Alphabet’s Loon Balloons Were Beaming LTE in Peru, Within 48 Hours of The Earthquake
When an earthquake that registered 8.0 on the Richter scale hit Peru on Sunday, mobile connectivity services were the first to get hit. This at a time when everyone wanted to know about the well-being of their loved ones. Help was at hand though, from perhaps a source that one wouldn’t immediately think of—internet relaying balloons, up in the sky. Alphabet Inc.’s subsidiary Loon LLC has revealed that it had balloons positioned above the earthquake hit Peru and were beaming down LTE connectivity for smartphones within 48 hours of the earthquake. These were activated after requests by Peru’s telecom operator Telefónica and the government of Peru.
“As Loon has evolved, we’ve come to better understand our ability to respond in disaster scenarios. Response is actually an imprecise way to view our unique capabilities. Preparedness is a more accurate way to understand them. It takes a lot of planning and setup to make balloon-powered internet work,” says Alastair Westgarth, CEO of Loon, in an official statement.
However, he does point out that before Loon’s internet relaying balloons can start providing LTE coverage over a region, they need to install ground infrastructure which can then integrate with the mobile networks. There are also regulatory approvals, and the requirement to stay out of flight paths, for instance. In Peru, Loon had the advantage of being ready with the on-ground requirements because of its on-going negotiations with Telefónica, the idea being to get a contract in place to extend mobile internet access to the remote areas of Peru, including parts of the Amazon region. “However, with Loon already active in a country, as is the case in Peru, our ability to respond to a natural disaster can be measured in hours or days rather than weeks,” says Westgarth.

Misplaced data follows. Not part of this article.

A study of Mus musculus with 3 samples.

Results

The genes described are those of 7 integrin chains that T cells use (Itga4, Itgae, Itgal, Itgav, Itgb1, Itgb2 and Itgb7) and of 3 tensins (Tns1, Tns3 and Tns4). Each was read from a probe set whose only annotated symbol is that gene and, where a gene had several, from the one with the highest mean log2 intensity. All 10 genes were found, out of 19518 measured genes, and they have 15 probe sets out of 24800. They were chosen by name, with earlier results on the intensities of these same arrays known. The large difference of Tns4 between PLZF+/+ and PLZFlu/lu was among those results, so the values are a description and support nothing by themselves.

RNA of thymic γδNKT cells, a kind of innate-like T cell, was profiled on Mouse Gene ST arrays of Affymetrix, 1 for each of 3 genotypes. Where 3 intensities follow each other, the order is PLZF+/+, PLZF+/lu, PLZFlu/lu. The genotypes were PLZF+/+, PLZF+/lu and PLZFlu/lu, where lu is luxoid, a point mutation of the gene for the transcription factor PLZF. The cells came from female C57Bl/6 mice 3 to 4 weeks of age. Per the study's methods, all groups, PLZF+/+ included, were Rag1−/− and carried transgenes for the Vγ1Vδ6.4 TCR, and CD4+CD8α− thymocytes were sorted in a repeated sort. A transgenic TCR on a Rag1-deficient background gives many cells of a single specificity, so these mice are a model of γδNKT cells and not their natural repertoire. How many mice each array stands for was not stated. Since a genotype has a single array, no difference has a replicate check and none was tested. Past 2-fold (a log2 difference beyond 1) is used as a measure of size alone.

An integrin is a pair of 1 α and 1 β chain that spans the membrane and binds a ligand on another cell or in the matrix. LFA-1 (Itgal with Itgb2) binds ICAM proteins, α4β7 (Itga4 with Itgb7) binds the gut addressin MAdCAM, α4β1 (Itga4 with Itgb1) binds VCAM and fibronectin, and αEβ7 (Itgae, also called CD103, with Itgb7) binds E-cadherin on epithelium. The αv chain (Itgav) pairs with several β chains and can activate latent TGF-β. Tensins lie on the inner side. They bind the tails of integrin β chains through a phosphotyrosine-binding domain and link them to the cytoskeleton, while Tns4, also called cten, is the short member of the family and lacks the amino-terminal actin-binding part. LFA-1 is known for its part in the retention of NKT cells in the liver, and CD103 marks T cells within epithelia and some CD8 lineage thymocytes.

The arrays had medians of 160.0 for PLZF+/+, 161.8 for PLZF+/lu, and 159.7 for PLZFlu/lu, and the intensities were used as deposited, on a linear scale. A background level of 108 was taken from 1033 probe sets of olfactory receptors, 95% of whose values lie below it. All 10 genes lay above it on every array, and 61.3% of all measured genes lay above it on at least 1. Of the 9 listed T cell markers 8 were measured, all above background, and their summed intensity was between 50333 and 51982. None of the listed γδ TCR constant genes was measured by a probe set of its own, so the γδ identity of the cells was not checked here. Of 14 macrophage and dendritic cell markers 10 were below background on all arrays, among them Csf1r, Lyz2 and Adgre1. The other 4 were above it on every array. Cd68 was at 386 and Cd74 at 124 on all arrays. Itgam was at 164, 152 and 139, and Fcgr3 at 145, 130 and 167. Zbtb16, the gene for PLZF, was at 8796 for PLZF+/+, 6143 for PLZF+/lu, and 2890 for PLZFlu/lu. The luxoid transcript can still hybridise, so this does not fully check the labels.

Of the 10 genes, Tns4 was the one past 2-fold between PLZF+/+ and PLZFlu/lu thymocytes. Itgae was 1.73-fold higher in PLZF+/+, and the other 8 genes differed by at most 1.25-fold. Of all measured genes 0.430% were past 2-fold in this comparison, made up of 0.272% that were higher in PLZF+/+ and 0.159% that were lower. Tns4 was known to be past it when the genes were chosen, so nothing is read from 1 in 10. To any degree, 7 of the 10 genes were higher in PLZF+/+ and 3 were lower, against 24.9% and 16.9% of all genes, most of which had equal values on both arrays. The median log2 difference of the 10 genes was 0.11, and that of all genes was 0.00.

This is not the first time that Loon has responded to a disaster in South America. In 2017, the company worked with Telefónica to provide LTE connectivity when northern regions of Peru were hit by extensive flooding. In the same year, Loon provided service with AT&T and T-Mobile after Hurricane Maria hit Puerto Rico.
This indeed could be a very important technology in the future, particularly at a time when a natural calamity impacts a region. The speed with which Loon was able to deploy connectivity services to further enable connectivity as well as the rescue and relief operations, could perhaps be a template that many other governments could also look at intently.